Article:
Denver’s Street-Smart Prairie Dogs

Researchers explore why members of one species are thriving in urban areas while rural populations dwindle

A family of black-tailed prairie dogs practices their vigilance from their colony in Highlands Ranch. (Morgan E. Heim)


Magle wondered whether day-to-day interactions with humans might make prairie dogs take kindly to people. He tried, a lot, to see if they’d get used to him. The typical response of a prairie dog colony to a suspicious stranger is for a few sentinels to send out a series of alarm barks, signaling the others to dive for cover. Instead of getting comfortable with Magle, or anyone else helping with the study, the prairie dogs skipped the barking and went straight to the run-for-cover phase. Not even bribery seems to work.

Magle recalls one woman who repeatedly stopped near the same colony at the same time of day and tossed a bag of mixed salad out her car window. “I thought that was such a strange human behavior,” says Magle. Sure, the prairie dogs weren’t ones to turn down a free meal, and they would eventually eat the greens, but they never came to anticipate her arrival or hang out when she was around, he says. “They’re not like squirrels.”

These interactions highlight the conflicted nature of the human-prairie dog relationship. People seem to think of prairie dogs as either a beloved example of backyard nature or a plague-ridden, land-destroying blight. Prairie dogs have earned the unsavory reputation from their tendency to chew down grass and create dusty, pock-marked landscapes in pastures, cropland and backyards. Prairie dog colonies do sometimes suffer plague outbreaks, and fears of the illness stem from the potential for plague-infected fleas to hitch a ride on prairie dogs and jump to people. Many mammals, though, from mouse to housecat, could pass on the fleas, and according to the Centers for Disease Control and Prevention, only about 10 to 20 people a year nationwide get the plague, and fatalities are rare.

For those worried that contact with urban prairie dogs will transmit plague, Magle has some encouraging news. In five years of field research, not once did he encounter a plague outbreak in his prairie dogs. The urban colonies' isolation helps prevent the spread of the disease because they tend not to catch it from their rural cousins or even other urban colonies, says Magle. That’s not to suggest anyone start cuddling with the animals anytime soon.

Regardless, mention prairie dogs to a Westerner, and you’ll either spark a debate about which gun is best to shoot them with or incite pleas to protect them. Throughout his study, Magle fended off people who thought he was killing the prairie dogs and those who were upset because he wasn’t.

Magle’s research inspired conservation social scientists Tara Teel and Brad Milley, both at Colorado State University at the time, to survey people’s opinions about living with prairie dogs. Almost 20 percent of people surveyed in the area south of Denver just plain wanted prairie dogs dead. About 40 percent wanted them protected, and another 40 percent were okay with lethal control if the prairie dogs raised the risk of plague or property damage. “People’s reactions to prairie dog management are often values-based and emotional,” says Teel. “But we need to better understand what the public thinks about these issues and how to anticipate and address conflict.”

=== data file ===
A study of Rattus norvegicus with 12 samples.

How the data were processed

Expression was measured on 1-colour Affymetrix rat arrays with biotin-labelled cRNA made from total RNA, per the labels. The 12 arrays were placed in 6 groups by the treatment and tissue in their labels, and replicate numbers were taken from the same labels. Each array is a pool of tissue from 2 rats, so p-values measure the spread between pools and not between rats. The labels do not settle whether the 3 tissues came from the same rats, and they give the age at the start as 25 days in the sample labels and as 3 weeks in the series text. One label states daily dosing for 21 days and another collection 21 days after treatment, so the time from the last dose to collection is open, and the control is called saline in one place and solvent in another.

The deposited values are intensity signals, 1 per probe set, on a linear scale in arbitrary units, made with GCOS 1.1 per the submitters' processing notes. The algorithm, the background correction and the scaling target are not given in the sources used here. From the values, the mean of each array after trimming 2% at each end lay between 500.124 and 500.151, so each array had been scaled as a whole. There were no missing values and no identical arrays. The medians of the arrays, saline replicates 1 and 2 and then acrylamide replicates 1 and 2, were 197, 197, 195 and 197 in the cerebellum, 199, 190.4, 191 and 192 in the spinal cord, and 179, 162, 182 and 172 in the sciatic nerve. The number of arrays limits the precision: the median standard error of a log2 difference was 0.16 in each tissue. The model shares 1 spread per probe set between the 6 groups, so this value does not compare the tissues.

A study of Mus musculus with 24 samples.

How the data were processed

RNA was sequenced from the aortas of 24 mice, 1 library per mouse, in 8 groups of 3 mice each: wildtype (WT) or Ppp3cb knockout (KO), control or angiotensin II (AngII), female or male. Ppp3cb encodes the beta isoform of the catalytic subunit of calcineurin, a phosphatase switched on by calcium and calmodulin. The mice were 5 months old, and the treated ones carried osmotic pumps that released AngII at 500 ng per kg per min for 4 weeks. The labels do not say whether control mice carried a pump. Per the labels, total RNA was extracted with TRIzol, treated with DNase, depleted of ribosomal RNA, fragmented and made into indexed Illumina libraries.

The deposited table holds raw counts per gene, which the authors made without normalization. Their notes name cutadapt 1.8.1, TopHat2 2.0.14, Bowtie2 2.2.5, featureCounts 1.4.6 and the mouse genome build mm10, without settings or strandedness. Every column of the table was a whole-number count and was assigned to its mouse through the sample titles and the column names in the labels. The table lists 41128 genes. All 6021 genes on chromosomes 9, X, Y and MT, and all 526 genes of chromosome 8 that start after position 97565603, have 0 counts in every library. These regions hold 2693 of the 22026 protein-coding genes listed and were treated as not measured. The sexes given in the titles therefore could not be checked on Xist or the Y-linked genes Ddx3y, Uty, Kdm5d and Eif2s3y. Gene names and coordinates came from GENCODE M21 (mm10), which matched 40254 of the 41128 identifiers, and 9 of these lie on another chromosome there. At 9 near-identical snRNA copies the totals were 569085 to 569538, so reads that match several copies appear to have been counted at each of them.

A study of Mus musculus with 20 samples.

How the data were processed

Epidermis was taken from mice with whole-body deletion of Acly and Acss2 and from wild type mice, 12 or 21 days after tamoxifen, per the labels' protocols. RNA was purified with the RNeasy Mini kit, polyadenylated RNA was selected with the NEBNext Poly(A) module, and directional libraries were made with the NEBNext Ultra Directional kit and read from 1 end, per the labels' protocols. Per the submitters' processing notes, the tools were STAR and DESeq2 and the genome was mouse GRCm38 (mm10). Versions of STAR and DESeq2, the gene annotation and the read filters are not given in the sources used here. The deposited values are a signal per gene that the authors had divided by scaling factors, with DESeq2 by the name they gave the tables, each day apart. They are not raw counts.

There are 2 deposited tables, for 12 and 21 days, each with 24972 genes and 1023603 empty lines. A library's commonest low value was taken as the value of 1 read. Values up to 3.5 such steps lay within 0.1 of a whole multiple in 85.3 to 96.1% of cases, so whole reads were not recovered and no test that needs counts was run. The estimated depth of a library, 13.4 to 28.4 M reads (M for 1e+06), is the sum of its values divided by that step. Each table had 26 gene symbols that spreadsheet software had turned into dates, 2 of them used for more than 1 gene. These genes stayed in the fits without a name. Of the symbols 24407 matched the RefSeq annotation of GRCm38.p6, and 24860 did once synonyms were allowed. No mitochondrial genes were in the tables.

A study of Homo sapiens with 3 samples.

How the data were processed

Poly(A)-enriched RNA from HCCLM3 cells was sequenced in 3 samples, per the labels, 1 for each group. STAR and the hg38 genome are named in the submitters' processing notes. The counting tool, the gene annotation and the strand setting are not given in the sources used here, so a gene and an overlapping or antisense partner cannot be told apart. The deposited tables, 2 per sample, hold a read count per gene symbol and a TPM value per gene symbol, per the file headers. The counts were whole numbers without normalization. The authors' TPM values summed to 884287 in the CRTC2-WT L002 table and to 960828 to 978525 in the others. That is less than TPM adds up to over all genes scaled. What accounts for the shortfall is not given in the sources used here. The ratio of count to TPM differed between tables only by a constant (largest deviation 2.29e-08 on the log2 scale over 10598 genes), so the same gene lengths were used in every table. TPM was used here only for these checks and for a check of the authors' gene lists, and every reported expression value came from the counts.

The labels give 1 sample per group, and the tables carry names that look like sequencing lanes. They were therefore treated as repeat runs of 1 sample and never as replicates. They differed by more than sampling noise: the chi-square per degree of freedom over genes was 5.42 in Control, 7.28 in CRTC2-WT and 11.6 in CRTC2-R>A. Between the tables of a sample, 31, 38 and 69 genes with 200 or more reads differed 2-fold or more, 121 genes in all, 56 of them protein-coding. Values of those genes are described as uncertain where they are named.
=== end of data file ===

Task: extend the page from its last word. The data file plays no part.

Listing black-tailed prairie dogs under the Endangered Species Act would create unprecedented challenges. Imagine being told you can’t develop an empty inner-city lot because prairie dogs live there, or being a wildlife manager tasked with keeping an eye on daily interactions between wildlife and people in a metropolitan area like Denver, or worrying about what’ll happen if you run over a prairie dog on the way to the grocery store. Things like the Safe Harbor Agreement—an arrangement with the federal government that rewards private land owners for fostering recovery of endangered species on their land—could help, but wouldn’t be a complete answer. People need to consider the difficulties that would come with listing, says Magle. “It would be different from the usual thinking of setting up nature preserves.”

But Magle tries to look at the positive side. Urban prairie dogs offer residents nature education within city limits. If protected, prairie dogs could help preserve pockets of prairie even as sprawl overtakes many areas in the West. And these islands of habitat could act as refuges from the plague, keeping some prairie dogs alive if an outbreak strikes rural populations.

Crooks and I walk through another colony in south Denver. This one is bordered by Interstate 225, a strip of gas stations and an apartment complex advertising immediate move-ins. The prairie dogs live in a ditch full of invasive weeds. But this colony is being protected from future development as a natural area managed by the Denver Water Board. With each step we take, a prairie dog announces our presence with its metronomic yap and at least a dozen others send suspicious sidelong stares from the safety of their burrows. I feel silly, like I need to apologize for interrupting their day. “It’s kind of crazy, huh?” says Crooks. “It’s also kind of encouraging that prairie dogs can exist in these highly urbanized areas. We have to savor small victories.”